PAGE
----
Moffat County grads on to the next big adventure after commencement
As she left the stage adjusting her tassel from one side to the other, Moffat County High School graduate Brenna Herndon had a hard time keeping the tears out of her eyes.
“It was just a long journey, just a lot,” Herndon said.
The emotions were high, as was the sense of festivity during Saturday’s commencement for the Class of 2022 as family, friends and community members sent off the 104 graduates.
Following the presentation of $80,000 worth of scholarships for students heading into the next stage of education, plus the acknowledgment of honor students and those committed for military service, student body president Tanner Zimmerman presented the class gift — a new collection of furniture for the school commons area.
“It definitely went a lot easier than at practice,” laughed Tanner, who also later gave the commencement address.
MCHS teachers Cassia McDiffett and Sharon Skwarek presented the Outstanding Senior Boy and Girl awards, going to Logan Hafey and Emma Jones, respectively.
Hafey also earned the Dude Dent Memorial Award, held salutatorian status and finished the class artwork for the ceremony. McDiffett likened him to a spice.
“He’s essential to our culture, his leadership is subtle, and he has a way of making good things great,” she said. “He’s the salt of Moffat County High School. He’s been essential to our school, and when he’s not here next year, we’re going to notice.”
Skwarek spoke of Jones, who gave the welcoming remarks for the morning, and mentioned several stories multiple teachers had given recalling Jones’ character, including that of an 8-year-old Girl Scout a decade earlier hoping to help a traveling musician at Yampa Valley Regional Airport.
Skwarek said that spirit is no less part of Jones’ personality today.
“She has also impressed me with her generosity, her kindness and her willingness to help others,” she said. “She goes out of her way to make others feel included.”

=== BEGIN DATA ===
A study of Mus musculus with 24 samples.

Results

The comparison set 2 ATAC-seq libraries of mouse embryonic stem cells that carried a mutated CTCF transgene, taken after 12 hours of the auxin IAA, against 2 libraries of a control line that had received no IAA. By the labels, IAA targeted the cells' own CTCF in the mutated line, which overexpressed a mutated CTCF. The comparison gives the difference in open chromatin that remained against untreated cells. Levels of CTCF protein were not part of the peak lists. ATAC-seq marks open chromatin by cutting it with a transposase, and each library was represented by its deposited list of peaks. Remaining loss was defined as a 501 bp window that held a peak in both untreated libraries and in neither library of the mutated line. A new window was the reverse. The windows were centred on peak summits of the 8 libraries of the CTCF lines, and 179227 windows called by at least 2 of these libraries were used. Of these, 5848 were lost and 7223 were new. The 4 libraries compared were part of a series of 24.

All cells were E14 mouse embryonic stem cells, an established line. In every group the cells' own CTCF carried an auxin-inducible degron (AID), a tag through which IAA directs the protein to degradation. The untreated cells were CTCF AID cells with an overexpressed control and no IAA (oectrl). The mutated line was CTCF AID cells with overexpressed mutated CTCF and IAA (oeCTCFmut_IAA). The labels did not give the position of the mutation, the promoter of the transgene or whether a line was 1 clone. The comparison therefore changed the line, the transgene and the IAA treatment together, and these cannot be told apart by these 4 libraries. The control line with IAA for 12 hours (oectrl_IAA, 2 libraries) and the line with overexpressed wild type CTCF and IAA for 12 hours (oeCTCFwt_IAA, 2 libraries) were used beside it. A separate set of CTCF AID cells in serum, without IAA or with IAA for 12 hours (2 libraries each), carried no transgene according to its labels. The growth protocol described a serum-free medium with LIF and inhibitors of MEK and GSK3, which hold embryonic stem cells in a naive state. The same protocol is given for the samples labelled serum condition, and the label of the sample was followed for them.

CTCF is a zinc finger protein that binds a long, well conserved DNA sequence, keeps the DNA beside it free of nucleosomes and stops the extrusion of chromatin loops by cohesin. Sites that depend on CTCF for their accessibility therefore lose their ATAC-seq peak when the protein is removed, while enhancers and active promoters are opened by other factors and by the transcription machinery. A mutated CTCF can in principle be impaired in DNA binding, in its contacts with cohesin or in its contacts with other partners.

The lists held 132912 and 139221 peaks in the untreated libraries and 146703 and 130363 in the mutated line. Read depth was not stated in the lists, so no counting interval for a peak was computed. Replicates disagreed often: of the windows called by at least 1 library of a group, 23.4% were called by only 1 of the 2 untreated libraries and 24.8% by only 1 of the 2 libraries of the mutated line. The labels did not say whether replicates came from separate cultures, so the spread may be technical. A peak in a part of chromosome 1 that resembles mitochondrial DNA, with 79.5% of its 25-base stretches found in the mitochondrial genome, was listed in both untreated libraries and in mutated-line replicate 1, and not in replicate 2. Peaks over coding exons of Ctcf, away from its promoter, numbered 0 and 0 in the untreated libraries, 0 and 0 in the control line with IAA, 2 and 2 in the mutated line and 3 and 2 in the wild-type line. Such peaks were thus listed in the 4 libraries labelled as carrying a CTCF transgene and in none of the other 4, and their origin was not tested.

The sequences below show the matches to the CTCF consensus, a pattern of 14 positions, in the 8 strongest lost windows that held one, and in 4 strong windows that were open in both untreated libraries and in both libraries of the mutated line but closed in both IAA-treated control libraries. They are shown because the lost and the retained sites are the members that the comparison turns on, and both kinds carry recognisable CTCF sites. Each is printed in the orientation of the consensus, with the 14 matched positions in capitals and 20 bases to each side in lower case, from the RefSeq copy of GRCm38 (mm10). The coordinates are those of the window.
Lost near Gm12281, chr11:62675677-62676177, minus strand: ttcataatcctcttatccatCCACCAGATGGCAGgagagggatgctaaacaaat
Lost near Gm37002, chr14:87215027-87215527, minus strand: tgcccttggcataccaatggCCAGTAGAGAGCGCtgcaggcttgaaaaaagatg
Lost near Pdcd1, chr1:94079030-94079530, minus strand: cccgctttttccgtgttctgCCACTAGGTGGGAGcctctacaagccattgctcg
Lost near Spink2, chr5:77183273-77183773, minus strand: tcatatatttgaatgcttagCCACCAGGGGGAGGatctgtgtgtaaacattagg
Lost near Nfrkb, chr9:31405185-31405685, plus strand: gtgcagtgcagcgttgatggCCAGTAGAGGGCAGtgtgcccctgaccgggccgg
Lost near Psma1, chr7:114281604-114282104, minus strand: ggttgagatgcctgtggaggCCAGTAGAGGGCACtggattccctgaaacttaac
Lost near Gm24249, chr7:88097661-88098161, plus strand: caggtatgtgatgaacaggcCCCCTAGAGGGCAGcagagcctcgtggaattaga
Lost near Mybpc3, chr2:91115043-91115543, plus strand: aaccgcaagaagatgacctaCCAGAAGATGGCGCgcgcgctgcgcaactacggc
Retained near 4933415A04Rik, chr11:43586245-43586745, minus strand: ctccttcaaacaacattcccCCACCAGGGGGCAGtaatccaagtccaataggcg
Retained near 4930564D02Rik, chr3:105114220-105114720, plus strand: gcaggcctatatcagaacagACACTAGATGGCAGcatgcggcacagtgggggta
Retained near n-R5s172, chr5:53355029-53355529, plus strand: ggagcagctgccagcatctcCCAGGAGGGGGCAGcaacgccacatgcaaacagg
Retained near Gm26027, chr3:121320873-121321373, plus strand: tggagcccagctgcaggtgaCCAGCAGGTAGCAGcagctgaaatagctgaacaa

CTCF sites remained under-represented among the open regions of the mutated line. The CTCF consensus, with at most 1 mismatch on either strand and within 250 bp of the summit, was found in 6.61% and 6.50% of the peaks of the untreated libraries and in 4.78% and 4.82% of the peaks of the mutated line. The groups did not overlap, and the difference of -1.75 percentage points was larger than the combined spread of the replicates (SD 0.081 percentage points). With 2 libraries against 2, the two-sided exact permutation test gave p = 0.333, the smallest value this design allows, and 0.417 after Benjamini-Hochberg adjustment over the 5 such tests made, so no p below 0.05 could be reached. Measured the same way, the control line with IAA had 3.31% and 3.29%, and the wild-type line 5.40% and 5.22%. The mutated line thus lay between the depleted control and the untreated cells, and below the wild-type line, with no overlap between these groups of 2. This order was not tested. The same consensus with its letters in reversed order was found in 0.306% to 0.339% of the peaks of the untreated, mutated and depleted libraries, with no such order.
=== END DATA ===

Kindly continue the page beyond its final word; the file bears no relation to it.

As diplomas were handed out, bursts of confetti from proud family members punctuated the proceedings, along with some heavily decorated mortarboards.
With personal flair ranging from flowers and flags to quotes and more on her classmates’ headgear, JasLun Langlois sported an elaborate Western design with her name above a cactus.
“My sister made it. She has a leather business,” Langlois said. “I’m so excited — glad to be done.”
Once graduates were back in their seats, diplomas in hand, the caps went flying in celebration.
Halle Hamilton provided the farewell to the group before they marched out of the gym to the class song, “Fireflies,” by Owl City.
“Coming from a girl who loves to run, we must not walk but sprint toward what lies ahead,” Hamilton said. “Whether your future plan is to become a lawyer, pilot, astronomer, nurse, teacher, lineman, soldier, or another career, I know that each of us can change the world.”
After the ceremony, the lawns were full of graduates and guests gathering for photos. Brothers Tanner and Tucker Zimmerman were amid the throngs with their family members.
Like many of their fellow grads, the two were draped in decorative honors, with Tanner wearing the National Honor Society white collar and Tucker the FFA gold sash.
For Tucker, learning some key tools of the trade and representing FFA at state will play into his near future.
“I’m going into the mechanic field, go straight into the workforce,” he said.
As he and his sibling head onto separate paths, he’s been anticipating the new stage of life.
“It’ll definitely be a change, but it had to happen at some point,” Tucker said.
Tanner noted he’ll miss the dynamic of student council.
Tanner will attend University of Nebraska at Kearney to study aviation and pursue a career as an aerial firefighter.
“I don’t really have any expectations, just hope everything turns out good and work with what I’ve got,” Tanner said.
Reese Weber is also heading for the Midwest, specifically studying cosmetology in Wichita, Kansas. Ultimately she plans to open her own salon, though she knows it will be quite a few steps in the meantime.
“It’s probably a ways down the line. I have to go to school of course first, then build a clientele and gain experience in another salon, and then maybe after I do all that I’ll open my own,” Weber said. “I kind of liked the bigger city and more opportunity, so I thought that would be a good fit. I’ll miss the small-town feel, but I do want to meet new people.”
For Taran Teeter, his plans are to remain in Craig for about a year, possibly working as a substitute teacher locally, before going abroad for school.
“I’m looking into central Europe, like Germany, Austria, Czech, those areas, or Greece,” he said.
As much as he was looking forward to graduation, Teeter said the events Saturday didn’t faze him much.
“It hasn’t really sunk in yet, especially since we had a week off of school before this, so it felt like we were already done,” he said. “Last year when I was a junior escort, I felt like I had a while to go, but it came so quick.”